The prevalence of metabolic diseases such as type 2 diabetes mellitus (T2DM) is rapidly increasing all over the world. Frequent episodes of elevated postprandial blood glucose have been associated with oxidative stress and subclinical inflammation, and the importance of a tight glycaemic control has been identified as an important factor to maintain health and prevent T2DM, obesity and cardiovascular disease (CVD).
The aim was to investigate possibilities to tailor the course of postprandial glycaemia to bread in healthy adults in favour of reduced glycaemic index (GI) and increased glycaemic profile (GP) by inclusion of guar gum or β-glucans. GP is defined as the duration of the glucose curve above the fasting concentration divided by the incremental glucose peak. Effects on second meal glucose tolerance and appetite were also investigated. Furthermore, the potential use of in vitro measurements of starch hydrolysis rate (HI) and fluidity (FI) to predict course of postprandial glycaemia (GI and/or GP) was evaluated.
In paper I, white wheat-based bread was supplemented with whole grain maize flour and different types and amounts of guar gum. Supplementation with medium weight guar gum (mwGG) resulted in lower postprandial glycaemia and insulinaemia and improved acute appetite compared to the white wheat reference bread (WWB).
In paper II, three commercially available β-glucans from barley and oats were baked into yeast leavened bread products. Even a low level of high molecular weight (MW) β-glucan elicited a lowering effect on postprandial glycaemia, indicating that the β-glucan quality is of importance.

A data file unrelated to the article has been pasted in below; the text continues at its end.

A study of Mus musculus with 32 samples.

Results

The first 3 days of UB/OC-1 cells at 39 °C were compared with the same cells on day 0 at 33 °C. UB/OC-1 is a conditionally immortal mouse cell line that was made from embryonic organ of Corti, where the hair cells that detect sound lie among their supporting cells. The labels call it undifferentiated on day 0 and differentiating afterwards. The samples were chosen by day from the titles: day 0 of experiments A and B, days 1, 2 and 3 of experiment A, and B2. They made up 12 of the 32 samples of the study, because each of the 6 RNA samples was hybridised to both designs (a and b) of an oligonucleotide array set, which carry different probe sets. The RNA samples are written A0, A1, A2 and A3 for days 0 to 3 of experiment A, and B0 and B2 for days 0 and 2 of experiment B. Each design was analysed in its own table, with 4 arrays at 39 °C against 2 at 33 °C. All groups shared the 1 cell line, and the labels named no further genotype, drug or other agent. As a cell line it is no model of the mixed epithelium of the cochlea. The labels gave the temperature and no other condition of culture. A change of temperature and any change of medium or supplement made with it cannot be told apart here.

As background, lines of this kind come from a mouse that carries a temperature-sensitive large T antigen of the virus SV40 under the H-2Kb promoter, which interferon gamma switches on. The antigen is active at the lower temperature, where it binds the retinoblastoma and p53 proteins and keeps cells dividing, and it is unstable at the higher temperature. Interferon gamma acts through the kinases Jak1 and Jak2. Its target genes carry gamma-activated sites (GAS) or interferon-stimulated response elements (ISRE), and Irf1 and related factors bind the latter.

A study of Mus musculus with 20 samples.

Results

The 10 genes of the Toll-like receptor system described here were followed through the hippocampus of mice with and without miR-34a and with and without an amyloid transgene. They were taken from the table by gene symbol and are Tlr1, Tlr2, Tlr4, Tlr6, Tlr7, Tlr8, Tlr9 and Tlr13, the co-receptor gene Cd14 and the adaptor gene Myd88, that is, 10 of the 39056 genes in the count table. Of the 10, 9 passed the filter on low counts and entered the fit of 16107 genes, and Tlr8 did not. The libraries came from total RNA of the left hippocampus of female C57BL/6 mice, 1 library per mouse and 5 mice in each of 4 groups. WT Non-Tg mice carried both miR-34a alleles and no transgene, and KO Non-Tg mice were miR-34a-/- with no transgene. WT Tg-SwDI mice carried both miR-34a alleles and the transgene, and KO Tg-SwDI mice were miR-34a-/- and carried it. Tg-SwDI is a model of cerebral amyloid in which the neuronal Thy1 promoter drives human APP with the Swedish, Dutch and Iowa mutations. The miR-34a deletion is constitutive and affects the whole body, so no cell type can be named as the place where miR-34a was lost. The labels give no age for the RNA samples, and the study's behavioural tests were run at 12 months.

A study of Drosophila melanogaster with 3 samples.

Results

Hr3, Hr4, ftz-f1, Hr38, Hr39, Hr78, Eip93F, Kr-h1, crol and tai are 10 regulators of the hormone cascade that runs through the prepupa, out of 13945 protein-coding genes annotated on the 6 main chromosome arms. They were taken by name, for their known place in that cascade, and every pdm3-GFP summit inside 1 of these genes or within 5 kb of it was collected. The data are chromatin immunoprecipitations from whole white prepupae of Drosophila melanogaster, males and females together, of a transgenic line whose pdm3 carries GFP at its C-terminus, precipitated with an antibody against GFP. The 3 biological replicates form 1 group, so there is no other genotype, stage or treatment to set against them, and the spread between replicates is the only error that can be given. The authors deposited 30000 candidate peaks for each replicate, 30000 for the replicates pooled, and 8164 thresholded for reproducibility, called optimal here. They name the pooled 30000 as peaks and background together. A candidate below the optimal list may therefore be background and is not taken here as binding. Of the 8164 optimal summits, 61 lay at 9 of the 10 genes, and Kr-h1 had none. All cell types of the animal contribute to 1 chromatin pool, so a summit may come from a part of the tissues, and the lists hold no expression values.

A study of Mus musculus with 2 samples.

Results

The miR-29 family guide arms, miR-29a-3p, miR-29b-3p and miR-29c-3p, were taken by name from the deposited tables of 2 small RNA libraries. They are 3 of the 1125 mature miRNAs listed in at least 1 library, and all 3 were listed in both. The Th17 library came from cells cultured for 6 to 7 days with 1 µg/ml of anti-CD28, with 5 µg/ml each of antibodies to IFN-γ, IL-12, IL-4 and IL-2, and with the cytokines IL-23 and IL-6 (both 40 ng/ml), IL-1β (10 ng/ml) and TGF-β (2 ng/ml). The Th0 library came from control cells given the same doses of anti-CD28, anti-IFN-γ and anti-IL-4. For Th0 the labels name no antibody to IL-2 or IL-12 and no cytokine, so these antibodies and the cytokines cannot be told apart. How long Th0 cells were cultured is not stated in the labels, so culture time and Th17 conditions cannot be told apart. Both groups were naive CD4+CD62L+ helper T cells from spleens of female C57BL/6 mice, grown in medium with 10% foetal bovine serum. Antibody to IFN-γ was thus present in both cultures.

In paper III, mwGG and whole grain rye flour or high amylose maize starch (HAM) were combined in an effort to design bread products in favour of low but sustained glycaemia. The combination of mwGG and rye was superior, with improvements in subjective appetite. Additionally both mwGG in combination with whole grain rye flour and HAM led to improvements in biomarkers of appetite compared to the WWB.
In paper IV, pasta or WWB were provided for breakfast and a standardised lunch meal was given 4 h later. The pasta breakfast resulted in reduced glycaemic excursions, both acute and after a second meal, which demonstrates the importance of considering not only the ingredients but also the food processing conditions.
An indexed glycaemic profile (GPI) was introduced, allowing comparisons between studies. GPI was defined as GP for WWB divided by the GP for the test product taken by the same subject, multiplied by 100 and then presented as a mean of all individual values. GPI was better correlated to subjective appetite ratings compared to both GP and GI for the present studies. Both the measures of HI and FI were related to GI, GPI, glucose iPeak, II and insulin iPeak (Spearman’s partial correlation, papers I-III). HI seems to better predict the glycaemic response, defined as GI or GPI, compared to FI. For the future, the importance of the course of glycaemia for long-term metabolic outcome should be evaluated, also including effects on weight regulation.